We should maintain that if an interpretation of any word in any religion leads to disharmony and does not positively further the welfare of the many, then such an interpretation is to be regarded as wrong; that is, against the will of God, or as the working of Satan or Mara.

Buddhadasa Bikkhu, a Thai Buddhist Monk

Wednesday, March 19, 2014

Another Context for "Doing Theology"

If the internet provides one crucial context for theological reflection today (as I argued here), then a recent posting by Jay Parini entitled, "Why Vermont is not Godless," suggests another obvious but potent context, the decline of religiosity as opposed to spirituality. In a previous posting (here), I defined spirituality as an inner state and religiosity as being a set of practices.  We feel spiritual; we do religion.  It's an oversimplification to be sure.  Until relatively recently, in any event, the church was the key social and cultural context within which the great majority of theological reflection took place.  In Vermont apparently that is no longer the case.  Presumably, it is also no longer the case in New Zealand (see here).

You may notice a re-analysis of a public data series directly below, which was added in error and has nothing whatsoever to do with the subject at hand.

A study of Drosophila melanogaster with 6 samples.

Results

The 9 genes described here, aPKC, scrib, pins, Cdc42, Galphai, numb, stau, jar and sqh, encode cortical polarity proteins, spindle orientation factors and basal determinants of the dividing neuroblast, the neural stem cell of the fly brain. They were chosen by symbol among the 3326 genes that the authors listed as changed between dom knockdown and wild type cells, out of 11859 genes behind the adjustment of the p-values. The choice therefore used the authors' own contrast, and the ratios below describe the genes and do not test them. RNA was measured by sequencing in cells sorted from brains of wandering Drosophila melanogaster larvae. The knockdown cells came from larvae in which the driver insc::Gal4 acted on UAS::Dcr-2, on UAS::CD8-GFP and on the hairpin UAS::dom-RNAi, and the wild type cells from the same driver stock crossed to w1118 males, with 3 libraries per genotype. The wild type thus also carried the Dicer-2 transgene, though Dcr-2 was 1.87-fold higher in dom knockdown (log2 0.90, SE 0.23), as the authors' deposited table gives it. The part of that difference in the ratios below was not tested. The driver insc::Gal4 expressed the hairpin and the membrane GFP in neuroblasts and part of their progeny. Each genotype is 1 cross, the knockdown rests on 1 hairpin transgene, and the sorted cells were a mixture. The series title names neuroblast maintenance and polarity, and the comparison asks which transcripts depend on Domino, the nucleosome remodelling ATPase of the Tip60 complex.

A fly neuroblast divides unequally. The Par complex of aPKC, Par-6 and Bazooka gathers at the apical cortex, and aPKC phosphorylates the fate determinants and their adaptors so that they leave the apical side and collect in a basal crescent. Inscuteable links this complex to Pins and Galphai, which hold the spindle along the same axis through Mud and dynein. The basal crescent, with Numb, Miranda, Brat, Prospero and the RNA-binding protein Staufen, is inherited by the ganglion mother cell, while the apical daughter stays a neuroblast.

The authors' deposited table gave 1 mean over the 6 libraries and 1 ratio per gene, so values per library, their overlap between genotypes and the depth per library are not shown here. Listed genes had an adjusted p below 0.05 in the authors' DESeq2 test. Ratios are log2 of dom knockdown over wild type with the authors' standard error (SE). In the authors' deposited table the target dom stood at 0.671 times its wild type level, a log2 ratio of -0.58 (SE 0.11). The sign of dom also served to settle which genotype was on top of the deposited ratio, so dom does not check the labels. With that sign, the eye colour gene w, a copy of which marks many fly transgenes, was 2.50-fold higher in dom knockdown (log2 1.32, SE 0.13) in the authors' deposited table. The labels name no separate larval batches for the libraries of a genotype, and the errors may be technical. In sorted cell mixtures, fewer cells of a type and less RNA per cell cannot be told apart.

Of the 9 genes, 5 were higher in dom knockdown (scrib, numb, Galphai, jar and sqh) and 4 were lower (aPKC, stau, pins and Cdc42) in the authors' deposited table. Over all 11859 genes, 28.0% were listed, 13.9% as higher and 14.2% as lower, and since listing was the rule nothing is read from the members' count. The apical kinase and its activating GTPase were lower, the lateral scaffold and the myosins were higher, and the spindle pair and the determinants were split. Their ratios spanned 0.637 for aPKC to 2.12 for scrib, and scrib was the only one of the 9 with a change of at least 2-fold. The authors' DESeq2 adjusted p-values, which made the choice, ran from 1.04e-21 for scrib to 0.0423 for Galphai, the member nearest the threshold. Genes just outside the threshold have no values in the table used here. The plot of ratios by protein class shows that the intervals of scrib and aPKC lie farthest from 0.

What seems to be happening is that we are returning to something like the state of the earliest church in the time of the Roman Empire when there was a hodge lodge of religious thinking going on without an effective central agency to exercise control over it.  In the churches themselves, there was a whole range of theological responses to the person of Christ, which flourished for centuries before the Bishop of Rome gained some control of the situation.  In Protestantism, we returned to a similar situation to a degree although most Protestant denominations have sought to exercise control over the range of "acceptable" theological reflection.  Now, control is gone.  It is certainly gone in mainline American denominations such as the PC(USA), which has been one reason many evangelical congregations have fled for places where control remains an ideal.

For those who do not concern themselves primarily with the institutional maintenance of existing congregations and denominations, this is an exciting time.  For those tasked with that maintenance it is a scary, anxious time.